The 'cosmic teardrop' is essentially the past lightcone of a comoving observer (at rest w.r.t. the CMB) in an Einstein-de Sitter expanding universe, shown in proper-distance, proper-time coordinates.
The teardrop shape is caused by the way that light propagates to us from two directions, starting from the CMB, through the (variable rate) expansion of the intervening space. In the beginning, the expansion rate was so fast that the two wave fronts (propagating locally at c) moved away from us. Around time 4 Gy, the expansion rate slowed down enough to enable the wave fronts to make headway in our direction.
A more enlightening equivalent can be depicted in circular coordinates, shown below for values compatible with the latest cosmological data.
This is essentially the 'cosmic teardrop' drawn inside the cosmological balloon analogy, connecting the wave front positions at progressive circular slices of constant cosmic time. But note that this does not make the radial direction a time coordinate. It is a fictitious extra spatial coordinate, which is a rather complex function of cosmic time and total energy density. It can also be viewed as representing the cosmic scale factor (a) multiplied by the Hubble constant.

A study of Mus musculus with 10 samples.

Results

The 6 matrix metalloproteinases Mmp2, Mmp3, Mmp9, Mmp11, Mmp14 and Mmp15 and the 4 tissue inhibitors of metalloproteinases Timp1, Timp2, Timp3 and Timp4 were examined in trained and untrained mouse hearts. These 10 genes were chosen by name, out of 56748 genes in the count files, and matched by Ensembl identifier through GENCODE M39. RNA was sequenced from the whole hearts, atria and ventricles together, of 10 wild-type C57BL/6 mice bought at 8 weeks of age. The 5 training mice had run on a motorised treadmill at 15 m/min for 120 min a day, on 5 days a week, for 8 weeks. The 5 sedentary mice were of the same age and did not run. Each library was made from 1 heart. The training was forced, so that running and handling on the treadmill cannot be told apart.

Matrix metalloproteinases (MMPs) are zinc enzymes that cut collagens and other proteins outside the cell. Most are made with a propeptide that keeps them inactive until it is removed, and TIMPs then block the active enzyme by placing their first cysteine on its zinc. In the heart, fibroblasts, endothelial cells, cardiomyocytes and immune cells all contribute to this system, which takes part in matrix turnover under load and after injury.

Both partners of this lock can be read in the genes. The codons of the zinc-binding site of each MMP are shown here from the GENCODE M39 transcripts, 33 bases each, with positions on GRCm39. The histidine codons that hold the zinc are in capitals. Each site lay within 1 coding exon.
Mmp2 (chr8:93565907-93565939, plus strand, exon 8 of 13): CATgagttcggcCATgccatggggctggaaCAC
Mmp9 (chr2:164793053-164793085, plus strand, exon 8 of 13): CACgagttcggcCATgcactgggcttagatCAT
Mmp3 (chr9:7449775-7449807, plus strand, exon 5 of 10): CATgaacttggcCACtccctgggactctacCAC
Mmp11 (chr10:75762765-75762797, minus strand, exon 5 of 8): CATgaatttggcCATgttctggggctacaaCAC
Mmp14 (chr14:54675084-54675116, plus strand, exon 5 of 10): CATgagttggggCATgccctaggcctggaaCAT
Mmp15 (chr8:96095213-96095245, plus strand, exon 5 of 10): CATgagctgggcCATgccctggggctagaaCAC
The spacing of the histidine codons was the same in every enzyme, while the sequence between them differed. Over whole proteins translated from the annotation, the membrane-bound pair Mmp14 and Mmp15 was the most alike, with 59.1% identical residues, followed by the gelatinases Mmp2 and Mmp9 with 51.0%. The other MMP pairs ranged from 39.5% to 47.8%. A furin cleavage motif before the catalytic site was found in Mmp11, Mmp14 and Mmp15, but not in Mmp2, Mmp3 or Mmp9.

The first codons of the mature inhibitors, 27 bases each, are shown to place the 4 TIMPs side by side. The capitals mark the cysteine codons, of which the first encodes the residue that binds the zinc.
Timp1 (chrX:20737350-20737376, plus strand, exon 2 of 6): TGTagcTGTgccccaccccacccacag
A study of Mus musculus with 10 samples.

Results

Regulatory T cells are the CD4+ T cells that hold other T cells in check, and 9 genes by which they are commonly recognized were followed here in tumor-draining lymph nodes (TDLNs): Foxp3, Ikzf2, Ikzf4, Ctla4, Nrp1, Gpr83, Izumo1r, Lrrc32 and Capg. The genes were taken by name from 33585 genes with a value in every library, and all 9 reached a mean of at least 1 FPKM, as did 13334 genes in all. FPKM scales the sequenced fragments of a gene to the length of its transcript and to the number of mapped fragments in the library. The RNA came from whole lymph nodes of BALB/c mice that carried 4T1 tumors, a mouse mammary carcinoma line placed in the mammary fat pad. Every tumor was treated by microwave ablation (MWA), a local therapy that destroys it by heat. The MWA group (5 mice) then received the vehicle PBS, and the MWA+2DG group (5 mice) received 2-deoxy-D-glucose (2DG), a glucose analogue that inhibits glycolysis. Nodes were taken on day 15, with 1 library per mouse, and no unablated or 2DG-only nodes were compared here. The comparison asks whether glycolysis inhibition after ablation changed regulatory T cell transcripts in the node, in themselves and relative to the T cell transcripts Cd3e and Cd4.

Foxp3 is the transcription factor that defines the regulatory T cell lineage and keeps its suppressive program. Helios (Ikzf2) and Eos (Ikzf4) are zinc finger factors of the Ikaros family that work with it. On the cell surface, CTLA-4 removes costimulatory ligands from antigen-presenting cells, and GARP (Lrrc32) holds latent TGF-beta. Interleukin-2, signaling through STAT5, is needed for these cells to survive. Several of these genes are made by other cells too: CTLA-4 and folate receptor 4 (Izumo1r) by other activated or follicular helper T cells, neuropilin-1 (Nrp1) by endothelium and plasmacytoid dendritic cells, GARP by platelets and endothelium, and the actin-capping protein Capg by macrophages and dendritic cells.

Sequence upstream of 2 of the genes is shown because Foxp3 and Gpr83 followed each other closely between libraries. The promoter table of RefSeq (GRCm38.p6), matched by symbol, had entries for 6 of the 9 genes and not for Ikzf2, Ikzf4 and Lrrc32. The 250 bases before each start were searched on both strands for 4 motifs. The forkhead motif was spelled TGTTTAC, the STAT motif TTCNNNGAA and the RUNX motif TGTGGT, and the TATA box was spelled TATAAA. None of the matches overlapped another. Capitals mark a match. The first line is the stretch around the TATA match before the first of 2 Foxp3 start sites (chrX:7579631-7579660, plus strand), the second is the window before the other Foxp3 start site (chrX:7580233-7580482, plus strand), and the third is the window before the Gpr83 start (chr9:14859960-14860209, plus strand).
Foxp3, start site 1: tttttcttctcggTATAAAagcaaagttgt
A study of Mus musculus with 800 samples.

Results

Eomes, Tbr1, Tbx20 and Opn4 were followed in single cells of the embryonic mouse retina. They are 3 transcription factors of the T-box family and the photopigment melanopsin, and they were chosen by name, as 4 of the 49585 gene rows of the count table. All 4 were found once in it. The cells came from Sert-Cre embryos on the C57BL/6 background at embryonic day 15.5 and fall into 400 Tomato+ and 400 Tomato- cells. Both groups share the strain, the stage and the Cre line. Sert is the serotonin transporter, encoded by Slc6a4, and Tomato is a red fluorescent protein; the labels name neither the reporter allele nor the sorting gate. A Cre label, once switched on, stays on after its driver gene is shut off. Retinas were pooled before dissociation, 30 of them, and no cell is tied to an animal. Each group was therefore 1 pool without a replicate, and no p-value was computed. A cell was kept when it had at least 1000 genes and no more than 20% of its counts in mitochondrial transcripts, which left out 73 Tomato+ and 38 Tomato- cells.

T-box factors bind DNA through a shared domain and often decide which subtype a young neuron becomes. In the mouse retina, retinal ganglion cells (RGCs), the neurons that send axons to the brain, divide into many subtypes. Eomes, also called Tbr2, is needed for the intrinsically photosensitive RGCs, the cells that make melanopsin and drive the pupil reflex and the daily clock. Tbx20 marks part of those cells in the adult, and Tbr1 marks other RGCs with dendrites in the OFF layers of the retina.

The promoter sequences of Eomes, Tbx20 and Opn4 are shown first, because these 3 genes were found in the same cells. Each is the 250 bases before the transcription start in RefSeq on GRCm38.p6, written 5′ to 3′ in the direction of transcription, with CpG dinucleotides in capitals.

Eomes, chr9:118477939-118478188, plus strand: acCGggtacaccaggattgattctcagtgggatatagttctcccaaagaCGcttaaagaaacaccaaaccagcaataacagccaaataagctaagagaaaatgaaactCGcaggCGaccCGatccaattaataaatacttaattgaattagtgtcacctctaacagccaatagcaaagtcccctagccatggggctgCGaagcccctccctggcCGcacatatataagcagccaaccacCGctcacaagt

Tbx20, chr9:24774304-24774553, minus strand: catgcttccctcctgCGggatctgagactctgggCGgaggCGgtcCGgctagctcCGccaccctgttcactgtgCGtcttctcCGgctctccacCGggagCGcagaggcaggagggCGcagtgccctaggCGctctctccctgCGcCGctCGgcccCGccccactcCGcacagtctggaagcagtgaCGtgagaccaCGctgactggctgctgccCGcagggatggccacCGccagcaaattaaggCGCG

The "2 Gy rings" show that the expansion rate was very fast in the beginning, gradually decreasing during the 'middle ages' and then increased again lately. The 46 Gly "pizza slices" represent the observable universe's present spatial dimensions and the total circumference the minimum size of the total universe (200 pi = 627 Gly).
 Note that it assumes that the spatial curvature is positive, just 0.1% off perfectly flat. This is within the limits of present observational errors, which tends towards favoring zero curvature, but still allows a small positive curvature. One can obviously not represent a perfectly flat space as circular, unless you imagine an infinitely large circle.
PS: The above was written very compact and terse, in the hope that the diagrams might convey more than the words, so please ask questions if it is not clear what is going on.